The portmanteau “Barbenheimer” arose to internet fame with the release of two blockbuster films that, on the surface, appeared to be extreme opposites. Yet the histories of nuclear energy as a World War II product and Barbie as a postwar creation are inextricably linked.

If you had asked Americans to name a famous bombshell following WWII, a fair number would have named one of the atomic bombs. Others would have named the actress Jean Harlow, who starred in the 1933 movie “The Bombshell,” a film that contributed to the term’s subsequent use in reference to an attractive woman.

In truth, gender, like manpower or ammunition, was an undeniable part of the arsenal of democracy. The two nuclear weapons of decision the U.S. dropped on Japan were male, “Little Boy” and “Fat Man.” Incidentally, the third canceled bomb was to be called “Thin Man.” The B-29 that dropped “Little Boy” over Hiroshima, the Enola Gay, was named after the pilot’s mother.

Throughout the war, bomber crews suffered such tremendous casualties that those who survived multiple missions often drew portraits of attractive women as nose art — believing that having such depictions at one’s side brought good luck.

Inspired in postwar Western Germany by the likes of Jean Harlow and the art adorning WWII aircraft, comic artist Reinhard Beuthien sketched a sassy postwar gold-digger for a Tabloid newspaper called “Bild.” He named his comic relief Lilli.

Lilli became so popular among West German men and American GIs that eventually Bild Lilli dolls were created to hand out at stag parties. The most important consumer of a Bild Lilly doll was Ruth Handler, who took the doll home, made some modifications to it, and eventually marketed it directly to children through Mattel’s sponsorship of the Mickey Mouse Club.

Thus, Barbie was born from the kind of bombshell drawn on the sides of U.S. bombers. Having originated from the male gaze, Barbie absolutely represented a capitalistic triumph of beauty mores. However, to market her, over time, she was also provided accessories enough to hold 200 different jobs, different cars to drive, and houses of all sizes to play in. She was not tied down by a husband, nor provided parents to give her context.

For many young girls, the doll acted as a writing prompt to the script that became their lives. Hers was the complexity of capitalism, reinforcing beauty and femininity while nevertheless subtly and slowly complicating visions of domesticity.

And yet, the Cold War hid far deeper complexities. As the U.S., its allies, and the Soviet Union used nuclear firepower to jockey for global position, every aspect of their respective societies, to include gender, was weaponized to undermine the other.

A key component of America’s “othering” was to identify the Soviets as godless and unnatural. Certain U.S. political figures identified and attacked “others” in U.S. society during the 1950s Red Scare — including a “lavender scare” that targeted those with deviant sexual and gender mores — which actively purged unapproved political and gender persuasions from federal bureaucracy. This included the U.S. military.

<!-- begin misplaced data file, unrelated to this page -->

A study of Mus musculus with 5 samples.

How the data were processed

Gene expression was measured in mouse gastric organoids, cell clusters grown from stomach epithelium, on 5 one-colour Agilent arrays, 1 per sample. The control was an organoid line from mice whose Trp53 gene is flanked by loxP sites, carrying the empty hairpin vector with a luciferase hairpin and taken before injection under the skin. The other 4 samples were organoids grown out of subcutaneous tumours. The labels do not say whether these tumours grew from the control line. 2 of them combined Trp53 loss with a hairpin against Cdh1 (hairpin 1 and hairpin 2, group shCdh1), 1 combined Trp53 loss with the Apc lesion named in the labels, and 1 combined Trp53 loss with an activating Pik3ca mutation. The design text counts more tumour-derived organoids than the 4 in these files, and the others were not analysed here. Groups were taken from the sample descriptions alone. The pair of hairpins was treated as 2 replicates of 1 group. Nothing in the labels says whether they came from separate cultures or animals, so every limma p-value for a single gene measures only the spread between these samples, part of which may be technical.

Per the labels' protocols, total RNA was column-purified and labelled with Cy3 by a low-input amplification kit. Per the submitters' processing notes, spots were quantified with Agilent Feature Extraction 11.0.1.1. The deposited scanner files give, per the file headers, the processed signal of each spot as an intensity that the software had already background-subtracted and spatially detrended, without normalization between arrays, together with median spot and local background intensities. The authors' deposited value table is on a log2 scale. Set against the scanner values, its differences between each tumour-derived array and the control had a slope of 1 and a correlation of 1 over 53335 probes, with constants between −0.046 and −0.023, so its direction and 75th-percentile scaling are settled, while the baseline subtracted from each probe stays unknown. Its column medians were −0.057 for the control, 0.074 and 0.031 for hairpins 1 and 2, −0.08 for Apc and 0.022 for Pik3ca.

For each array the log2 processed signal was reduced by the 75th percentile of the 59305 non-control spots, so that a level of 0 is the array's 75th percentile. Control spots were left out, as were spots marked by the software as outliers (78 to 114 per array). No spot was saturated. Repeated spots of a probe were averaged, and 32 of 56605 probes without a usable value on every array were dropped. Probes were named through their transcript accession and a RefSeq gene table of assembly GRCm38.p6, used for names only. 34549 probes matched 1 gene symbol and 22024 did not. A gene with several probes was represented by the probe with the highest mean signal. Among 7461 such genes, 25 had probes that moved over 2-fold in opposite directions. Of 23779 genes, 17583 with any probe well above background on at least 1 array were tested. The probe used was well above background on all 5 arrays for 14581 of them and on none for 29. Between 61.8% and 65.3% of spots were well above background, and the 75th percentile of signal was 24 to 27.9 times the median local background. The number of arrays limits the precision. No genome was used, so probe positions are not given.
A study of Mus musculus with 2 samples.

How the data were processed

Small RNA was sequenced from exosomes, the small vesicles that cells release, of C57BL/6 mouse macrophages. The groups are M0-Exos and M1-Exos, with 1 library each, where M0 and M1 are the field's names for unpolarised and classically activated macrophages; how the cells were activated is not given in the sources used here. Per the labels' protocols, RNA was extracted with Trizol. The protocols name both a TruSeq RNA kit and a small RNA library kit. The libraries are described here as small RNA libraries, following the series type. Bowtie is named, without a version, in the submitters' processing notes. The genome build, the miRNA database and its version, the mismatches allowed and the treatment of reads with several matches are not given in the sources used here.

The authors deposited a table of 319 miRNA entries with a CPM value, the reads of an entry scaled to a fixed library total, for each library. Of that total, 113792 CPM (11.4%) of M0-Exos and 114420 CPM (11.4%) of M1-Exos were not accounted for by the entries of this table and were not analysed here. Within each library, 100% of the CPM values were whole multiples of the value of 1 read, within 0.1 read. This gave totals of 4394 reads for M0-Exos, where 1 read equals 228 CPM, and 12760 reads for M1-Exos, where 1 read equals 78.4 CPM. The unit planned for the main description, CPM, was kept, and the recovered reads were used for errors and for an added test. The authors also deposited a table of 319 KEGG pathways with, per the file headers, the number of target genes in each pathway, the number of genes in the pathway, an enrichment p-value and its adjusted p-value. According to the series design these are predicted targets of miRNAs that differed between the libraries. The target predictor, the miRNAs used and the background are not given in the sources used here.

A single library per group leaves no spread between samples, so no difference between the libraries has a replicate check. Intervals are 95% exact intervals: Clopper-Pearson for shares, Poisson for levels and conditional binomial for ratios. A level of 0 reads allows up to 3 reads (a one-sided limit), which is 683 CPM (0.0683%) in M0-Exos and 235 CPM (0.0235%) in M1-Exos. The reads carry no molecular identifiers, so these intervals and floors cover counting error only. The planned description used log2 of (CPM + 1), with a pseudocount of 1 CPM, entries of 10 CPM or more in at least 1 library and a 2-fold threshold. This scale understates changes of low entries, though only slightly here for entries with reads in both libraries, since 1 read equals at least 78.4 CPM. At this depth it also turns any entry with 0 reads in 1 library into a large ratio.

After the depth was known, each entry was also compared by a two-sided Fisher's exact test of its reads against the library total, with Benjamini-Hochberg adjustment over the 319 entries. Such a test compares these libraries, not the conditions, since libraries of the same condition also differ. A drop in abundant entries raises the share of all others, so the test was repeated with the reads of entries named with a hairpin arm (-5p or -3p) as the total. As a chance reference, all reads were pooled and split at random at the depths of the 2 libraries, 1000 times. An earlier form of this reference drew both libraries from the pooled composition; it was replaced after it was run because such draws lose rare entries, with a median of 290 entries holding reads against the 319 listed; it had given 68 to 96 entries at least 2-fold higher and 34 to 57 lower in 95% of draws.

The goal, in many cases, was to exorcise the punished to the fringes of U.S. society. Oppenheimer himself suffered this very fate.

In 1959, as Barbie was first released to market, and as the U.S. discovered — downwind of nuclear tests — nuclear byproducts in wheat and milk, then-Vice President Richard Nixon and Soviet Premier Nikita Khruschev met at the American National Exhibition in Sokolnik Park in Moscow. There, they used a kitchen exhibit to debate their respective systems’ promise to aid women, while nevertheless wrestling with each society’s notions of gender and “othering” them in the process.

The contrast between their visions of gender was striking. Nixon proposed the U.S. kitchen preserved femininity and professional domesticity. It afforded U.S. housewives time to quickly and efficiently make nutritious meals and raise children.

Insinuating that Americans had made slaves of their women, Khruschev countered that Soviet kitchens and new appliances were only of value to their women if it freed them to spend more time outside the home, where he stated women shared in the important work of society.

Confident that each had preserved and suitably advanced their societal notions of gender, both retired for the evening. Nixon returned to the Spaso house, where special agents James Golden and John Sherwood detected radioactive instruments emitting ionizing radiation from an atomic battery that Soviet intelligence used to power radio transmitters to spy on U.S. dignitaries.

As the kitchen debates indicate, gender, like nuclear energy, had been unleashed onto an interpretative world.

Oppenheimer and Ruth Handler’s ideas exploded with an energy that neither creator could ever hope to contain, much less understand.

As such, we live in a world inexorably defined by the power of a bombshell.

Michael Doidge is the director of history at the U.S. Air Force Test Center at Edwards Air Force Base, California. He holds a PhD in U.S. history with a specialty in the history of military medicine.

The views expressed are those of the author and do not necessarily reflect the official policy or position of the Department of the Air Force, the Department of Defense, or the U.S. government.

Observation Post is the Military Times one-stop shop for all things off-duty. Stories may reflect author observations.